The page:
Dell Inc. will spend $3.9 billion for the technology services company Perot Systems Corp. in an attempt to expand beyond the PC business and compete more aggressively with Hewlett-Packard Co. — which recently bought another tech-services company founded by H. Ross Perot.

Dell Inc. will spend $3.9 billion for the technology services company Perot Systems Corp. in an attempt to expand beyond the PC business and compete more aggressively with Hewlett-Packard Co. — which recently bought another tech-services company founded by H. Ross Perot.

Dell said Monday it will offer $30 per share in cash for Perot Systems — a 68 percent premium over its closing price Friday. Perot Systems' shares rose $11.65, or 65 percent, to close at $29.56. Dell shares fell 68 cents, or 4.1 percent, to $16.01.

Former presidential candidate H. Ross Perot Sr., 79, serves as chairman emeritus of Perot Systems, which he founded in 1988. According to an April regulatory filing, Perot and related trusts controlled at least 25 percent of the company's stock, though the beneficiary of those shares was not clear. The company did not respond to a request for comment on Perot's stake.

Perot already had made a fortune from founding Electronic Data Systems Corp. in 1962 and selling it to General Motors Corp. in a 1984 deal worth $2.5 billion. Hewlett-Packard bought EDS last year for $13.9 billion as it, too, tried to augment its services offerings and diversify beyond hardware.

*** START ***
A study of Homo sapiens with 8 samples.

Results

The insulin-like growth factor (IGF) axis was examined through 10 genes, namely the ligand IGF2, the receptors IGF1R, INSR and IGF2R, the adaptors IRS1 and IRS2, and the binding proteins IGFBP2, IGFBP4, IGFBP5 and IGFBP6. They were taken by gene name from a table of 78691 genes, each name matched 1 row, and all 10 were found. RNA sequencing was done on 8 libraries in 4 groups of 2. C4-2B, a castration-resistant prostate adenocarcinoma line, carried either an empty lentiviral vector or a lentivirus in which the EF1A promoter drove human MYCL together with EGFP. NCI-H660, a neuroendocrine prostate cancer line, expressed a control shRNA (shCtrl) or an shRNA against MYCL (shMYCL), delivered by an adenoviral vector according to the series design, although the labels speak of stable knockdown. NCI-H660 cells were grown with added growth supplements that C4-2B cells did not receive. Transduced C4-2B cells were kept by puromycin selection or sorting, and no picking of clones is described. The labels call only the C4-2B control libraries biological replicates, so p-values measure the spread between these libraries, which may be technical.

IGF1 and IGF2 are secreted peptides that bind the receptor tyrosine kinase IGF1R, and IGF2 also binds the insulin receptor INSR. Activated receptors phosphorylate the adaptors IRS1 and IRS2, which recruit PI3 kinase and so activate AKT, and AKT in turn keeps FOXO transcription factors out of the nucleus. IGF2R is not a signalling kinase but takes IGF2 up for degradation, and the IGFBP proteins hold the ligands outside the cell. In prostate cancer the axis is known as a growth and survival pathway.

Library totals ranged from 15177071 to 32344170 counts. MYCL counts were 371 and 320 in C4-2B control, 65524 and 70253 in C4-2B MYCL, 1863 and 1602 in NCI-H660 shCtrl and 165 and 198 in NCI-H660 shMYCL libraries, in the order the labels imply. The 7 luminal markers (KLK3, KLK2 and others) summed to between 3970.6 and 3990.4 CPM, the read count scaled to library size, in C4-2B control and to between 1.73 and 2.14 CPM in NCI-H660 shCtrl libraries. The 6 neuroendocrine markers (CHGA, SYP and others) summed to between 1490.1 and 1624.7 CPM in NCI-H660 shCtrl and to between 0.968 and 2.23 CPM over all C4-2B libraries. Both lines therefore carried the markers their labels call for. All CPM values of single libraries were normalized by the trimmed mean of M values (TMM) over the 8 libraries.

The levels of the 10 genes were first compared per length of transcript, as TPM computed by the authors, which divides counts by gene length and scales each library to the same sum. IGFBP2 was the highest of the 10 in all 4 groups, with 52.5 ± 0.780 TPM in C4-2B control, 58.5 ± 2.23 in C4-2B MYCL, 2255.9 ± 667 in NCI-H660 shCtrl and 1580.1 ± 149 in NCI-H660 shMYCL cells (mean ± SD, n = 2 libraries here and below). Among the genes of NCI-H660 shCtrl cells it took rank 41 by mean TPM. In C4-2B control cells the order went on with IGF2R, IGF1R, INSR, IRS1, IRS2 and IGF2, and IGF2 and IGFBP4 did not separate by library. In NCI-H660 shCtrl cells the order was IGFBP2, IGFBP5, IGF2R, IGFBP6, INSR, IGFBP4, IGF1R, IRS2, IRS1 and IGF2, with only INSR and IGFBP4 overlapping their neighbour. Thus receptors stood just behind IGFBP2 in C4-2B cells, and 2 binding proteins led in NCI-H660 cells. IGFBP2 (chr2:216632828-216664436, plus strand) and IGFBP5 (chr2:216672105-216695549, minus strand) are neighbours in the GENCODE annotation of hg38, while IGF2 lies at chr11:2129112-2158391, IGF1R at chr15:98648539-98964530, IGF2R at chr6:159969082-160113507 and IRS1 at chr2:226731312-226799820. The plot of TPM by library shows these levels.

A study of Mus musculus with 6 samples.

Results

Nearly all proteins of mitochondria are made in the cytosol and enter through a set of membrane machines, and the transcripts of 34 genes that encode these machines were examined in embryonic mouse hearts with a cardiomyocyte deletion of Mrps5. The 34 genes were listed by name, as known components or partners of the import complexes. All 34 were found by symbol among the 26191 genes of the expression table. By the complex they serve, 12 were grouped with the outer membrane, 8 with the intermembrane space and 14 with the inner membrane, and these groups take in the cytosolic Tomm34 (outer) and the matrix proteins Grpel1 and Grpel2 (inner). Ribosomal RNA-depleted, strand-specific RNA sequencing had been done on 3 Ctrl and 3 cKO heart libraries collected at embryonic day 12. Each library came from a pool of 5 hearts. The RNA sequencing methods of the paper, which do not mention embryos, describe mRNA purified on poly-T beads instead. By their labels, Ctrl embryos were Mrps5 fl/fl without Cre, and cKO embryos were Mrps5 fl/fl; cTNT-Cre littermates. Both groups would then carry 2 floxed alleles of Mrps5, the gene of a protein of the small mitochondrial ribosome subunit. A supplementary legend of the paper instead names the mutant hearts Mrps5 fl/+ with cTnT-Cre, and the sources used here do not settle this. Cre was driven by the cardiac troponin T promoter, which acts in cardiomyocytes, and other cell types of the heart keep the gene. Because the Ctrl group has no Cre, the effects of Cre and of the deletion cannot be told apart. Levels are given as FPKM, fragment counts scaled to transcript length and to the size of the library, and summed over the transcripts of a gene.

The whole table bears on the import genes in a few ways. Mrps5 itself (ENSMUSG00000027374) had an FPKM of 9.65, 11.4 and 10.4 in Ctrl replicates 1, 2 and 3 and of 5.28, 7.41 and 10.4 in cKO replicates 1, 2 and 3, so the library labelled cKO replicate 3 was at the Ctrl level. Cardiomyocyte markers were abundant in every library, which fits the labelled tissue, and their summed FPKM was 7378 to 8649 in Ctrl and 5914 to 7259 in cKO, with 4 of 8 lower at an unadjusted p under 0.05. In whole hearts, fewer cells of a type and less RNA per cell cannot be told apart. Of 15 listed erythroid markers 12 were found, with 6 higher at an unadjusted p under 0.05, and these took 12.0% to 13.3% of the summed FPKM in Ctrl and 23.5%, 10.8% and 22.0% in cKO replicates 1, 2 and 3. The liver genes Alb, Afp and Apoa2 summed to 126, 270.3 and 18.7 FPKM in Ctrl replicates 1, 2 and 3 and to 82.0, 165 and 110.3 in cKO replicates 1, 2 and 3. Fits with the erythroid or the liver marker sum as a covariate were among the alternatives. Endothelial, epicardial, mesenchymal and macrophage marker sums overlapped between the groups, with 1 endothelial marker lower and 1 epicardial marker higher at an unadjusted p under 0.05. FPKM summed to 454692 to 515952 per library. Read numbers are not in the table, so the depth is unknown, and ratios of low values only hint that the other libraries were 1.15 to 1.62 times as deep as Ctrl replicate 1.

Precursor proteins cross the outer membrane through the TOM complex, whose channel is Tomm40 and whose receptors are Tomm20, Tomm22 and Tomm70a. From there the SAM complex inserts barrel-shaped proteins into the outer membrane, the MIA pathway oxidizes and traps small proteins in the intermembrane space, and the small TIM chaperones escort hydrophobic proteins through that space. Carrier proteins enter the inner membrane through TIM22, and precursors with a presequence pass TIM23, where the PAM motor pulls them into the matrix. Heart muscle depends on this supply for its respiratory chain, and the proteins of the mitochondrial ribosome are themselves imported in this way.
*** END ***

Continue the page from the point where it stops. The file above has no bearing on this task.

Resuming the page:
In a conference call with analysts, Dell's founder and CEO, Michael Dell, said Perot Systems will serve as an "anchor" acquisition for a global information-technology services business.

Plano, Texas-based Perot Systems would bring Dell more than 1,000 customers, including the U.S. military and the Department of Homeland Security. About 48 percent of Perot Systems' revenue comes from the health care industry and 25 percent from government. Last year Perot Systems earned $117 million on sales of $2.8 billion.

Dell's services business is more basic than those of its larger competitors, and its revenue comes mainly from the hard-hit PC business. As a result Dell's profits have been slumping, down 23 percent in the second quarter.

Perot Systems would add consulting and other kinds of computing services, such as "systems integration," to Dell's lineup. "This would, at least from a product standpoint, put them definitely more competitive with HP and IBM," said Kaufman Bros. analyst Shaw Wu. "It's a step in the right direction."

Wu said Dell's hardware business could benefit from exposure to Perot Systems' customers, while Dell's broader services line may look more attractive to customers seeking one provider for multiple technology needs. Combining the businesses could also help Dell find new ways to cut costs.

Following the acquisition, which is expected to close in January, Perot Systems would become Dell's services unit.